The House voted yesterday to postpone and dilute a scheduled tightening in auto exhaust standards, handing a significant victory to the auto industry and allied unions in th battle over revision of the Clean Air Act.
Majority Whip John Brademas (D-Ind.) said the House acton suggests "tough sledding" for the President's proposed new taxes on gasoline and gas-guzzling cars.
The 255-to-139 House vote followed rejection of a proposal described as a compromise between the administration's position and the auto industry-labor position sponsored by Reps. John D. Dingell (D-Mich.) and James T. Broyhill (R-N.C.)
The compromise, worked out by House Commerce Subcommittee Chairman Paul G. Rogers (D-Fla.), was defeated by a 202-to-190.
Rogers predicted that if the Dingell-Broyhill standards were adopted in the final version of the clean air bill, a veto by President Carter would be given serious consideration.
Environmental Protection Agency Administrator Douglas M. Costle' said he was "deeply disappointed" in the House vote because it was a "needless setback to public health for at least the next decade," particularly since the technology was "available to meet the standards at a reasonable cost."
Costle said it "shows the power of the auto industry" and Detroit was pre-empting the capacity for dirtying the air "at the expense of everyone else" since job-creating industry would be prevented from moving into many areas because the air pollution capacity would be taken up by autos.
Rogers, too, laid the blame for the defeat on "heavy lobbying effort by auto manufacturers, auto dealers and auto workers.
Leonard Woodcock, who recently stepped down as head of the United Auto Workers, was in the gallery throughout the debate, and one House member admitted it was difficult to pass up the opportunity to cast a vote that pleased both big business and big labor at the same time.
The Clean Air Act, passed in 1970, ordered the auto industry to reduce the three major pollutants cars produce - hydrocarbons, carbon monoxide and nitrogen oxide - by 90 per cent by 1975. A 90 per nec treduction would mean that cars would produce .41 grams per mile in hydrocarbons, 3.4 grams per mile in carbon monoxide and .41 grams per mile in nitrogen oxides.
Several delays were granted, but those standards were supposed to go into effect for the cars Detroit is producing on the assembly line this summer, the model 1978 car. Everyone - the administration, Congress and the auto industry - agreed Detroit could not meet those standards and should have a one-year extension. But the argument was over what should happen after that.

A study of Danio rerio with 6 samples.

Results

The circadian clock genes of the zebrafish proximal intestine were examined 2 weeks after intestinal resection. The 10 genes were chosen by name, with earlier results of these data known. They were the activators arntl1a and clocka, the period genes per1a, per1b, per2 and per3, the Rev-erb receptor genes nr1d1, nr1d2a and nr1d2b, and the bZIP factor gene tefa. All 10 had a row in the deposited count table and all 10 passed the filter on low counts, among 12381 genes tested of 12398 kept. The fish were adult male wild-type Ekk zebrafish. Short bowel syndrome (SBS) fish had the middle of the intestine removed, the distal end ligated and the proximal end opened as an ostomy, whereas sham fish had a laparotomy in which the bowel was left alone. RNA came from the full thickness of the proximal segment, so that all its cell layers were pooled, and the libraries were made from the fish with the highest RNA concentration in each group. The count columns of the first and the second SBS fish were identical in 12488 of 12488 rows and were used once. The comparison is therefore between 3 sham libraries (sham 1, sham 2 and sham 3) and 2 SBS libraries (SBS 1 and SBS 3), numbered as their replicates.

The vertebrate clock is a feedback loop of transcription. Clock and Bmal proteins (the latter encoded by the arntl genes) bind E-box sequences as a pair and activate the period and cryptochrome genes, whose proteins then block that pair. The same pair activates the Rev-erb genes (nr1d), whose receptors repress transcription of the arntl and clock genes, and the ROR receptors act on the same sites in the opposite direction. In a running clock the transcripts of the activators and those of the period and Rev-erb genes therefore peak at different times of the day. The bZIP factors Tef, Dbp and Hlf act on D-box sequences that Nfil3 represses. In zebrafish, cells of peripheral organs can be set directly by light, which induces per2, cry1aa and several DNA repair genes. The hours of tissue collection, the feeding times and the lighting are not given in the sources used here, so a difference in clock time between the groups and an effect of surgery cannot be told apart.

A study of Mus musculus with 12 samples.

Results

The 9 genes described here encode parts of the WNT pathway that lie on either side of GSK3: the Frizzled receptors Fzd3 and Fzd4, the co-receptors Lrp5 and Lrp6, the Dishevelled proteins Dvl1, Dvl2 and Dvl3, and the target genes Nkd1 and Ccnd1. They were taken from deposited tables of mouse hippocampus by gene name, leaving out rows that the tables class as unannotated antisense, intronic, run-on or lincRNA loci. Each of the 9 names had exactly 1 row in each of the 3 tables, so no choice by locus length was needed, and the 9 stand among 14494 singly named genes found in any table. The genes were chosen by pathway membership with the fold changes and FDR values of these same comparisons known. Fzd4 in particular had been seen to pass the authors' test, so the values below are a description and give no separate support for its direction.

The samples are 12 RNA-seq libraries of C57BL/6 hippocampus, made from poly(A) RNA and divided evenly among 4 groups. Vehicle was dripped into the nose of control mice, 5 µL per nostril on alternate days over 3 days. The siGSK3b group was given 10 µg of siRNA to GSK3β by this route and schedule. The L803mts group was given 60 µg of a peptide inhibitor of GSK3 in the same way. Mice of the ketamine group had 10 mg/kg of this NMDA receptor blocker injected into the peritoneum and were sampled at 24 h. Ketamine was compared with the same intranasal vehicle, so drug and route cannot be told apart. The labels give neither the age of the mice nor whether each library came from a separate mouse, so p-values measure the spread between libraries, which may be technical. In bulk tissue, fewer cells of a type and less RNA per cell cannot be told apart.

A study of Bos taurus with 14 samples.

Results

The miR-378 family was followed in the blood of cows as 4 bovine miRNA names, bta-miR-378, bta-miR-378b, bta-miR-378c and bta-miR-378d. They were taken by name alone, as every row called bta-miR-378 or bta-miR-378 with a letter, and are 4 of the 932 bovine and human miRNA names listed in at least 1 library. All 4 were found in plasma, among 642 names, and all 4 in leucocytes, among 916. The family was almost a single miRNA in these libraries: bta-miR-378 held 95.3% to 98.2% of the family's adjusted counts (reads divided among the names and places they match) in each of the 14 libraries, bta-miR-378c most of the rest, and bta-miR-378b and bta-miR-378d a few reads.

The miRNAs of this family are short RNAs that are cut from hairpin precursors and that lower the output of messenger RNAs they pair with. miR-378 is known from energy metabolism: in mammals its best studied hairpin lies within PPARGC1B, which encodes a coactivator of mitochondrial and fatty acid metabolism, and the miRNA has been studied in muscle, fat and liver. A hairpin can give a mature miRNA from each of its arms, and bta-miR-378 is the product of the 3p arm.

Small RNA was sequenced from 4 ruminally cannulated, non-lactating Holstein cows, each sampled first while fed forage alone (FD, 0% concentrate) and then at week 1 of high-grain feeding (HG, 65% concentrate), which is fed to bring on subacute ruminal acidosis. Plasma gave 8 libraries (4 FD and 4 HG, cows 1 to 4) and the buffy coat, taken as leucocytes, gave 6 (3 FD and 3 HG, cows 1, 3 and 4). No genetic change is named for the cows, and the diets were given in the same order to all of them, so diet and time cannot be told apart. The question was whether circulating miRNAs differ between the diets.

The Senate committee bill would grant only a one-year delay, except for the nitrogen oxide standard, the most difficult to meet, which it would relax to 1 gram per mile.
The administration would grant a year's delay on hydrocarbons and give the auto industry until model year 1981 to meet the 3.4 carbon monoxide standard and 1 gram per mile on nitrogen oxide.
The Bill passed yesterday by the House grants a two-year day on hydrocarbon, permanently weakens the carbon monoxide standard to 9 grams per mile, and allows a waiver on meeting the 1-gram-per-mile standard on nitrogen oxide until 1985.
Dingell argued that the tougher standards would cost between 20,000 and 100,000 auto indurstry jobs, would cost car buyers an additional $350 on the price of the car, rather than the $170 his proposal would cost per car and would exact a fuel penalty of about 10 per cent amounting to using an additional 145,000 barrels of oil a day.
Supporters of the tougher standards argued that the auto industry was simply dragging its feet, that fuel economy had improved by 50 per cent since 1974, though the standards had also gotten 50 per cent tougher, and that the jobs argument was inaccurate.